Affected market: Grocery retailing
The OFT’s decision on reference under section 33 given on 4 July 2005.
Full text of decision published 12 July 2005.
Please note that square brackets indicate information excised, or
exact figures replaced by a range, at the parties’ request for reasons
of commercial confidentiality.
Asda Stores Limited (Asda) is a national UK grocery retailer. Asda
is a subsidiary of Wal-Mart Stores, Inc., (Wal-Mart), a leading US
retailer listed on the New York Stock Exchange. In the year ending 31
December 2003, Asda’s UK turnover was £13.1 billion.
Wm Morrison Supermarkets plc (Morrison) is also a national UK
grocery retailer. In the year ending 30 January 2005, Morrison’s UK
turnover was £12.1 billion.
On 8 March 2004, Morrison acquired Safeway plc (Safeway). Asda proposes
to acquire 12 of the 13 former Safeway stores in Northern Ireland (the
Target Stores) from Morrison.
As a result of this transaction Asda and the Target Stores will cease to
be distinct. The UK turnover of the Target Stores exceeds £70 million,
so the turnover test in section 23(1)(b) of the Enterprise Act 2002 is
The parties overlap in grocery retailing.
In recent years, the grocery retailing sector has been examined by both
the Competition Commission (CC) and the OFT. The types of grocery
shopping ‘trips’ made by consumers and recognised in previous cases
- one-stop shopping
- secondary shopping, and
- convenience shopping.
Eleven of the Target Stores are one-stop stores (over 1,400 square
metres, see [note 1]), which are able to cater for the full
range of grocery shopping trips, including convenience shopping and
one-stop shopping. The remaining store is a smaller store (under 1,400
The CC and OFT have previously found that one-stop stores are generally
not constrained in their competitive behaviour (pricing, range/service)
by smaller stores. On the other hand, one-stop stores are likely to
provide a competitive constraint on smaller stores within a certain
catchment area for the types of shopping that these latter stores offer.
Since Asda is not currently active in Northern Ireland, no competition
concerns arise in this case whether the relevant product market is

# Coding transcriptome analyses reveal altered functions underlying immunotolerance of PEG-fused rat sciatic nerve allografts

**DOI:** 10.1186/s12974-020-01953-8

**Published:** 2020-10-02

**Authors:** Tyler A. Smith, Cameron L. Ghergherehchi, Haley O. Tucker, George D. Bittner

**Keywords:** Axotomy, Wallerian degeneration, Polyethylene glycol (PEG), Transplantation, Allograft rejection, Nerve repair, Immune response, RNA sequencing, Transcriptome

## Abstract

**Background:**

narrowly defined as one-stop shopping, or more widely as all types of
The CC and OFT have previously found that there are national and local
aspects to competition in grocery retailing. All of the Target Stores
are located in Northern Ireland, where Asda currently has no stores.
Accordingly, no competition concerns arise in this case whether the
relevant geographic market is defined nationally or locally.
Shares of supply
Asda operates 276 one-stop stores through mainland Britain. Its current
national (GB) share of grocery sales from one-stop stores is 21.3 per
cent (see [note 2]). The equivalent TNS figure for national (GB)
share of all grocery sales is 13.3 per cent. Asda estimates that the
Target Stores have an overall UK share of all grocery sales of
approximately [less than 0.5] per cent.
Barriers to entry and expansion
Previous cases have noted that barriers to entry to the one-stop segment
are high. Economies of scale, in particular favourable buying terms for
large incumbent supermarkets and planning restrictions, have been
instrumental in restricting entry.
However, since this transaction does not raise competition concerns, it
is not necessary to conclude definitively on barriers to entry in this
As customers are usually individuals, countervailing buyer power does
not arise in relation to this transaction.
Supermarkets themselves are recognised to have, and to exercise,
significant upstream buyer power in respect of their suppliers. One
third party raised the concern that Asda would exercise its buyer power
in Northern Ireland with a detrimental effect on local suppliers.
However, Asda estimates that the transaction will result in an increment
to its share of groceries purchased from suppliers in the UK of
approximately [less than 0.5] per cent. This is unlikely to be
sufficient to allow it to exercise any additional leverage over its
suppliers. Within Northern Ireland, the transaction will have a neutral
effect on buyer power since one large national grocery retailer will be
replaced by another.
THIRD PARTY VIEWS
A small number of third parties provided views on this transaction, and
only two of them raised concerns. One identified Asda’s buyer power as
an issue (discussed above). The other raised concerns about
consolidation in the grocery retailing sector, which were not specific
to this transaction.
Asda has no stores in Northern Ireland (or elsewhere on the island of
Ireland) so the proposed acquisition raises no local competition
concerns. The proposed acquisition will result in a de minimis increment
to both Asda’s national share of one-stop sales and of all grocery
sales, so no competition concerns arise at the national level.
Consequently, the OFT does not believe that it is or may be the case
that the merger may be expected to result in a substantial lessening of
competition within a market or markets in the United Kingdom.
This merger will therefore not be referred to the Competition Commission
under section 33(1) of the Act.
- As defined by the Competition Commission in Supermarkets: A report on
the supply of groceries from multiple stores in the United Kingdom
(2000, Cm 4842) (the Supermarkets Report 2000); and Safeway plc and Asda
Group Limited (owned by Wal-Mart Stores Inc); Wm Morrison Supermarkets
PLC; J Sainsbury plc; and Tesco plc (2003, Cm 5950) (the Safeway
- TNS, 52 weeks ending 27 March 2005.